President Serzh Sarkisian indicated late on Tuesday his intention to formally annul the U.S.-brokered 2009 agreements to normalize Armenia’s relations with Turkey, citing Ankara’s continuing refusal to implement them unconditionally.
“Given the absence of any progress towards their implementation, Armenia will declare the two protocols null and void,” he declared in a speech at the UN General Assembly in New York. “We will enter the spring of 2018 without those, as our experience has demonstrated, futile protocols.”
The protocols signed in Zurich in October 2009 committed Turkey and Armenia to establishing diplomatic relations and opening their border. Shortly after the high-profile signing ceremony, Ankara made clear, however, that Turkey’s parliament will ratify the deal only if there is decisive progress towards a resolution of the Nagorno-Karabakh conflict acceptable to Azerbaijan.
The Armenian government rejected this precondition, arguing that the protocols make no reference to the conflict. The United States, the European Union and Russia have also repeatedly called for their unconditional implementation by both sides.
In his speech, Sarkisian denounced Ankara’s “ludicrous preconditions.” “Turkey’s leadership is mistaken if it thinks that it can perpetually hold those documents hostage and ratify them only on what it sees as the most opportune occasion,” he said.
The Turkish government did not immediately react to the announcement. President Recep Tayyip Erdogan called for more international efforts to resolve the Karabakh conflict when he addressed the General Assembly earlier on Tuesday. Successive governments in Ankara have kept that border with Armenia completely closed since 1993 in a show of support for Azerbaijan.
Sarkisian already threatened in February 2010 to scrap the protocols if they are not ratified by the Turks “in the shortest possible time.” But he avoided doing that, saying two months later that he does not want to upset the U.S. and other world powers.
Sarkisian formally recalled the protocols from the Armenian parliament ahead of official commemorations in April 2015 of the centenary of the Armenian genocide in the Ottoman Empire. He told Turkish journalists afterwards that the move “does not presuppose any legal consequences because I did not withdraw Armenia’s signatures from the protocols.”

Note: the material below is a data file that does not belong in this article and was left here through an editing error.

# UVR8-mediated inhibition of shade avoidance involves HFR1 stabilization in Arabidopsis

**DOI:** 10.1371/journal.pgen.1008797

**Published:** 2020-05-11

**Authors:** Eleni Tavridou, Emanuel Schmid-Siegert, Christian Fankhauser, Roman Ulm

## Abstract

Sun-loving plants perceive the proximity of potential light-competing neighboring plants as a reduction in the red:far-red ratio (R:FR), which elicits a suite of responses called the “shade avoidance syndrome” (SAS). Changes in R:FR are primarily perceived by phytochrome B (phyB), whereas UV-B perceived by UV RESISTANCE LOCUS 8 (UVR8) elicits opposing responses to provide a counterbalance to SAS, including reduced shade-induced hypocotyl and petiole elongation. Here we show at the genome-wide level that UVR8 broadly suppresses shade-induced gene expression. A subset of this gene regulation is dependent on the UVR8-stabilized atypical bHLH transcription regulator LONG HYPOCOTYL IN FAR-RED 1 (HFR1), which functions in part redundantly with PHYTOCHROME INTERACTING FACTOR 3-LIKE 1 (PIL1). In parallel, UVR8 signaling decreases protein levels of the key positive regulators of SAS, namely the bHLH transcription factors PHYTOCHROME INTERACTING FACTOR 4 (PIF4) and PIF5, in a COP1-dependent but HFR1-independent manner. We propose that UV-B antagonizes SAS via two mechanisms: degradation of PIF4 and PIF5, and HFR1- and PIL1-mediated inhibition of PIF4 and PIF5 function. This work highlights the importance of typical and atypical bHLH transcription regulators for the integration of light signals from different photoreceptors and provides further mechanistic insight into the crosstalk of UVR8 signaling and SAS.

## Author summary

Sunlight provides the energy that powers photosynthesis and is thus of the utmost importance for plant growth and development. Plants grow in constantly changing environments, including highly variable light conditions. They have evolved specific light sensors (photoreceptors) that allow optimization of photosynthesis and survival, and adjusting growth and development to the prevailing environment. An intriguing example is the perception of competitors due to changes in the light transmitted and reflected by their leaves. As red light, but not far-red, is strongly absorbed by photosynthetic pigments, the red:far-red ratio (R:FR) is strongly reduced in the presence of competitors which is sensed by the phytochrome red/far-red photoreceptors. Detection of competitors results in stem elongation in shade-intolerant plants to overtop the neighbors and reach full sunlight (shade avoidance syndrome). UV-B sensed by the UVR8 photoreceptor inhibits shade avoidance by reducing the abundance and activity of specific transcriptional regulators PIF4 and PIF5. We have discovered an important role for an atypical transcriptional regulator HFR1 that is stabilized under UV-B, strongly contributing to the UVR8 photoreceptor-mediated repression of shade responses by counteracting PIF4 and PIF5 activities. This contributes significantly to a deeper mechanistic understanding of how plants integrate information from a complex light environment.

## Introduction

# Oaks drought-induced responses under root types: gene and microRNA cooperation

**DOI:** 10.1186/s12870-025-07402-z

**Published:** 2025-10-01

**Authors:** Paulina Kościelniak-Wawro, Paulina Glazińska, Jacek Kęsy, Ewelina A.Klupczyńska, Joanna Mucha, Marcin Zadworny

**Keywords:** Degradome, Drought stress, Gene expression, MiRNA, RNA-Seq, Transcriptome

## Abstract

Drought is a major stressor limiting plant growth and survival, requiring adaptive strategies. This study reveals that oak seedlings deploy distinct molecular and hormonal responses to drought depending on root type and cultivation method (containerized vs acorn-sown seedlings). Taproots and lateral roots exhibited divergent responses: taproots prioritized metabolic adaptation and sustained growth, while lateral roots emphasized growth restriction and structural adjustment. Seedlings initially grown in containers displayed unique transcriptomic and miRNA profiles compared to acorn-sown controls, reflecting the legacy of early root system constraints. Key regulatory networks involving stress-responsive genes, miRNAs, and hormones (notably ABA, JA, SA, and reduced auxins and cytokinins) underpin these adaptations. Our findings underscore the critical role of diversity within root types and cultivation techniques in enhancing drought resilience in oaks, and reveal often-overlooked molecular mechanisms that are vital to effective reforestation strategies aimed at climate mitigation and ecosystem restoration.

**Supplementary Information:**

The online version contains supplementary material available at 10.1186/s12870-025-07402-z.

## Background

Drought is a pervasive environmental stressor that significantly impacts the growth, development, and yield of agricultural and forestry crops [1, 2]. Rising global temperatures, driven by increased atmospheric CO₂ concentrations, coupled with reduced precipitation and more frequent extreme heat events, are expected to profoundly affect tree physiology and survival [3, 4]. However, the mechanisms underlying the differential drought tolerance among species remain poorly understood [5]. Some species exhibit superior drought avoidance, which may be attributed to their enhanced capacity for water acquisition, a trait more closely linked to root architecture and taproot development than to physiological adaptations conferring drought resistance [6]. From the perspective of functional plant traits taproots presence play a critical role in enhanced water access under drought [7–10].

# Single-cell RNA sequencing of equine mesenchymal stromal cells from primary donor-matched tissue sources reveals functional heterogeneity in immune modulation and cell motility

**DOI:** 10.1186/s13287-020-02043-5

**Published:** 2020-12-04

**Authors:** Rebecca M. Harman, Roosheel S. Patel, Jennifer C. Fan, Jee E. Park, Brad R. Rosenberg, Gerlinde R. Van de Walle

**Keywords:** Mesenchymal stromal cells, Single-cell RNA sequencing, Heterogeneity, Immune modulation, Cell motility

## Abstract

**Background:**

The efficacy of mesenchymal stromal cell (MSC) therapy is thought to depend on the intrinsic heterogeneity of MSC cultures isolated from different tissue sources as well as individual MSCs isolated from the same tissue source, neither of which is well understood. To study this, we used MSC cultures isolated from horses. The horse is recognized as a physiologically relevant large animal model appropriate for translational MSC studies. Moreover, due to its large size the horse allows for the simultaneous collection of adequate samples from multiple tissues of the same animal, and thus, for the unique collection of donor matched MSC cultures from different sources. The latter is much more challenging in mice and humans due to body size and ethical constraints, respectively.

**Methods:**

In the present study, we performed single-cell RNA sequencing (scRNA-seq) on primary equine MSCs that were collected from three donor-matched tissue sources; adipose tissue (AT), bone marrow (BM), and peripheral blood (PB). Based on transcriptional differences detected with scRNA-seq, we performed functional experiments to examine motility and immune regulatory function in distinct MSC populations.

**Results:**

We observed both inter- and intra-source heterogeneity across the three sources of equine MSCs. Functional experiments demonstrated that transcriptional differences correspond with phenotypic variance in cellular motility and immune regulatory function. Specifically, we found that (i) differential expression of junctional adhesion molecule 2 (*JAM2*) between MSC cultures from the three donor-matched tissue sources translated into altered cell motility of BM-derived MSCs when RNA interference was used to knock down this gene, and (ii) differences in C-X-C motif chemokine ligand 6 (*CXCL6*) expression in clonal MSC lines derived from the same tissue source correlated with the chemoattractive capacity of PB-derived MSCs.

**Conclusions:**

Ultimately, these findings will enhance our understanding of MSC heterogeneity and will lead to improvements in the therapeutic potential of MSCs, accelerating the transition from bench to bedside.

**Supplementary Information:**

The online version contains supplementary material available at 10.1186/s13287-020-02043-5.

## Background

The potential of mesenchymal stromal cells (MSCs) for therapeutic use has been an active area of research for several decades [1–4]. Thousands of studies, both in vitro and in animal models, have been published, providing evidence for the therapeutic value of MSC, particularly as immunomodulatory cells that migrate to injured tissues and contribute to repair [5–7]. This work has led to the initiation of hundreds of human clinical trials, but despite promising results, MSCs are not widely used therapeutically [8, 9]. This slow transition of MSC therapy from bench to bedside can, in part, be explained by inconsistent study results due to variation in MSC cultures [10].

Sarkisian’s Western-backed policy of rapprochement with Turkey proved highly controversial within Armenia and especially its worldwide Diaspora. The Armenian Revolutionary Federation (Dashnaktsutyun), an influential pan-Armenian party, pulled out of his coalition government in protest in 2009.
Dashnaktsutyun and some opposition groups in Armenia were particularly angered by a clause in the protocols that called for the creation of a Turkish-Armenian “subcomission” of historians that would examine the 1915 mass killings and deportations of Armenia. They said that the very existence of such a body could call into question the genocide acknowledged by most Western historians. Sarkisian and his allies denied that.
Some critics also questioned economic benefits of an open border with Turkey for Armenia.
Economists generally agree that cross-border commerce would be good for the Armenian economy. Just how substantial and quick that impact would be is a matter of contention.
A 2015 opinion poll by the Caucasus Research Resource Centers (CRRC), a U.S. non-governmental organization specializing in the South Caucasus, found that only one in two Armenians support the opening of the Turkish-Armenian border. According to the European Union-funded poll, nearly half of respondents felt that it would damage Armenia’s national security. Also, 82 percent of those polled agreed with the notion that Turkey “cannot be trusted.”